Wednesday, June 29, 2011

Rare 1868 Census Document from Choctaw Nation Found

The Western History Collection at the University of Oklahoma contains much useful data on Indian Territory. While looking at many of their digitized images, an unusual census record caught my attention. This was one of a census record taken in Cedar County, reflecting the population in 1868.  This is rare, particularly as it reflects a Choctaw community during the Reconstruction era.    I am sharing the few pages of that 1868 census here, for all researchers.

The Source of data comes from the Native American Manuscript Collection.  It was found in the Choctaw Nation Papers . Within that collection, in Box 49 Folder Number 9 this census tabulation can be found.  The document is approximately 19 pages long and the last two pages reflect the Choctaw Freedmen and the 1 white family enumerated as well.

A look at the first page reveals how detailed the information was that was collected of those considered to be fully Indian:

Page 1

Information collected on males was detailed breaking down data on the age categories of each male:

Male Heading on 1868 Census Form

Information collected on females was less detailed:

Female Heading on 1868 Census Form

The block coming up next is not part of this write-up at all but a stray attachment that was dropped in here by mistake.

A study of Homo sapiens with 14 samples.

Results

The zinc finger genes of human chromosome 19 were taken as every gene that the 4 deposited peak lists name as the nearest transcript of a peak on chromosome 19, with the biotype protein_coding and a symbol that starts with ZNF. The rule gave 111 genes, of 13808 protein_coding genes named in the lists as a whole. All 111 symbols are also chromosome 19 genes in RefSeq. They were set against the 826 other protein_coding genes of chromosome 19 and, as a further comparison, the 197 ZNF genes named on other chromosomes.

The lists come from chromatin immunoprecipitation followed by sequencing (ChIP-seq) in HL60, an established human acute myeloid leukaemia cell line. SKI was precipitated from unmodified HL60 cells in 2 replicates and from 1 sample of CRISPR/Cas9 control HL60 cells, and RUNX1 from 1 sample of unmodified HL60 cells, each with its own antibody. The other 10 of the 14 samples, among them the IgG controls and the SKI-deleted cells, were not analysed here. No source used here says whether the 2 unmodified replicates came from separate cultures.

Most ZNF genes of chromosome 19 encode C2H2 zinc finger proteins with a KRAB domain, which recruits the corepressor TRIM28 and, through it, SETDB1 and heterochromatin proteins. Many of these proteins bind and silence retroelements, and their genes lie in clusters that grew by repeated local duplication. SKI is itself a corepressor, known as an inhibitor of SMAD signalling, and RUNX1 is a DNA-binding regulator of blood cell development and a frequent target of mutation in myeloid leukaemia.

Data collected on the Freedmen--their former slaves were the least detailed:
Heading Found on Freedman Page of 1868 Census Form 

Since the 1868 Freedman page was small and only consisted of 1 full page it is shown in its entirety here.

1868 Cedar County Census - Choctaw Freedmen

The value of Freedmen was clearly reflected in the manner in which data was collected. Age categories did not matter and both genders were grouped together. In addition, many of these former slaves were not listed with surnames. This was a mere two years out of slavery. (Remember slavery was not abolished in Indian Territory until 1866, not 1865.) Quite possibly these former slaves were still being addressed with single names, and possibly some had not begun to use surnames. However this list does represent one of the very first times that the names former Choctaw slaves were written down in family groups---not as property but as adults with families. Though small, this could possibly  be the earliest listing of Choctaw slaves known to exist

There was a small page reflecting a white family also on the same document:

Like the Choctaw families more data was included on the males and females 
than were collected on the former Choctaw slaves.

All documents and all pages can be found on the site of the Native American Manuscript Collection and the Choctaw Nation Papers, at the University of Oklahoma.